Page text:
Thanks for joining us guys. So what exactly is IDLE and what makes it so special?

The mission of IDLE is to blend and merge the two worlds of audio and visuals together. We love going to music shows, we love art exhibitions, but both worlds are so tightly intertwined, that it makes perfect sense to experience them together at the same place, same time. Lots of musicians these days are turning to visuals, created specifically for their music, and visual artists have always been inspired by music. We want to bring our favorite musicians and artists together. 


What makes it special though (besides our excellent curation of course), is the personal approach and intimate settings, where only a couple hundred people can enjoy acts that usually gather big night clubs. 

New York is one of the world’s most international cities, how is this reflected in its art, music and film?

You’d think so, but even though the creative scenes are blooming, there are only so many outlets and venues, that don’t require bottle service or close at 2 am. It’s hard to see a show where there’s equal attention given to the environment and the content. If the venue is all decked out, it’s probably going to lack quality of sound, or talent. If the sound and dj are great, it’s usually in a dark basement. To each their own, but with IDLE we hope to create an experience that’s going to stimulate both audio and visual senses.

What sparked the idea to mix a club night with film and art? What theme unites them? 

When you put two minds together, beautiful things might happen. Big Up Magazine and Reconstrvct always shared similar aesthetic, however the ways we share them were different. Reconstrvct being an underground dubstep night wanted to branch out into different outlets and styles of music. Big Up, having an online and print presence wanted to do something more involved in the local scene. It all blended perfectly into IDLE.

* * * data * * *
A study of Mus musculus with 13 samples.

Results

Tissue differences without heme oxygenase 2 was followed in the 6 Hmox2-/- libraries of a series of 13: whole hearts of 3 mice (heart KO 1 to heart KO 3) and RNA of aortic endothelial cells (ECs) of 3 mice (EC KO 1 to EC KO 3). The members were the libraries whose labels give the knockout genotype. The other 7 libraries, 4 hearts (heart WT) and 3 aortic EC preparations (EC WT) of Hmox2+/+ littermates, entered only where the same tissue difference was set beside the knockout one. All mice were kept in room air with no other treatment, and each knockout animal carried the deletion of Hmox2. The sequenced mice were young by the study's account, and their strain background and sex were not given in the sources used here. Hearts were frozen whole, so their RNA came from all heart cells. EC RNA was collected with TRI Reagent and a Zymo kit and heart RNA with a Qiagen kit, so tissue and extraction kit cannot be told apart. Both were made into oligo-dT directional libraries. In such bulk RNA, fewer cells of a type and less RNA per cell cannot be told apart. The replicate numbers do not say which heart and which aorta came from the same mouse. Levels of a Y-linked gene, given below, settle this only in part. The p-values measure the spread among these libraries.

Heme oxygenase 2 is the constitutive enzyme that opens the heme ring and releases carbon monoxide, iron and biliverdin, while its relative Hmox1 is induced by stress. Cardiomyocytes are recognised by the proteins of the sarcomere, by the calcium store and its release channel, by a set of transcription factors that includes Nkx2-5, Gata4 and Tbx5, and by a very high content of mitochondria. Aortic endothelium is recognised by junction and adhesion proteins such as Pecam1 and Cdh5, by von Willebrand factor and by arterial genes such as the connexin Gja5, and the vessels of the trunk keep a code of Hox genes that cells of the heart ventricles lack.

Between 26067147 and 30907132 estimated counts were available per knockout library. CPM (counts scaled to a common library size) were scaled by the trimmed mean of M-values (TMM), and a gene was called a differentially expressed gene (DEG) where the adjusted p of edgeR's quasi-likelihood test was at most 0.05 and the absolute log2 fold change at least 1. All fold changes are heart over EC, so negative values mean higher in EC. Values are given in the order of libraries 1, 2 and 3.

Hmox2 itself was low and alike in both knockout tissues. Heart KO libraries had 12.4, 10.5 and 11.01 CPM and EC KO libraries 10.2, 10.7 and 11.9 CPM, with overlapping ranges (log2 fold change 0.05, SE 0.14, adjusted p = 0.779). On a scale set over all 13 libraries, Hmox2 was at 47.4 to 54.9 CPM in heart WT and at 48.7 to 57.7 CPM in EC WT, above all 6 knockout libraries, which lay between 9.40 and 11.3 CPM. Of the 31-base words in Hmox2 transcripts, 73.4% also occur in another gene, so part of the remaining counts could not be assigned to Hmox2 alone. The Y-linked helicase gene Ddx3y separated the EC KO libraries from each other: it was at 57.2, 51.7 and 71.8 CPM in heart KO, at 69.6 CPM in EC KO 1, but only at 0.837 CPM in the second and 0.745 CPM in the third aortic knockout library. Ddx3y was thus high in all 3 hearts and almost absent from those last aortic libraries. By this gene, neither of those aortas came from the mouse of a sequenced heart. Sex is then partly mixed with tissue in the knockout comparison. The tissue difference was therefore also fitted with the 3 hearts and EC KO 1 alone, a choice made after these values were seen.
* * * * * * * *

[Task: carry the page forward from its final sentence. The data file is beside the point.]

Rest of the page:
Dance music’s been around since the late 80s. Why do you think it’s stayed so popular?

Dancing is the most natural thing people do. Anyone can dance, move to the rhythm. Rhythm is present in everything beginning with our heart beat, breathing, walking… If you’re talking about electronic dance music, it’s become popular with the rise of computers, and it’s not going away, now that any 15 year-old can start producing music on their smart phone. Dance is the release of all sorts of energies, be it negative emotions or joy. And people love going out to release everything they’ve been holding inside for a while. We can only hope that we manage to create an environment where people can feel free and comfortable to have a good time and dance.


How has mobile tech changed the way people create music, art and film in your experience?

It’s fascinating how many young and talented people are around us these days. Still in high school, they have releases on major labels, create covers for magazines and make their own music videos. We can easily attribute this to the Internet and the spread of devices like laptops, tablets, phones and their variations. What it’s done is made creating content easier, learning more accessible, and spreading lightning-fast. It brought about flood of art, music and film expressions, both good and bad. And there’s no stopping from now on. Expect your toddler being the next Warhol. 

What is it about Nokia that made you want to work with them?  

We’ve seen Nokia getting behind very cool initiatives lately, which create authentic experiences with music, art and film. And it was only logical for us to reach out with our unique idea. We’re over the moon, humbled that Nokia loved what IDLE is about, and we hope for a long and fruitful partnership. 

We think this is a super cool new collaboration, and hope you do, too. In the next couple of weeks, we’ll get up close and personal with some of the artists, musicians and film-makers who used Lumia 920’s to record their IDLE nights. 

In the meantime, we’d love to hear your thoughts on whether tech is powering art for better or for worse.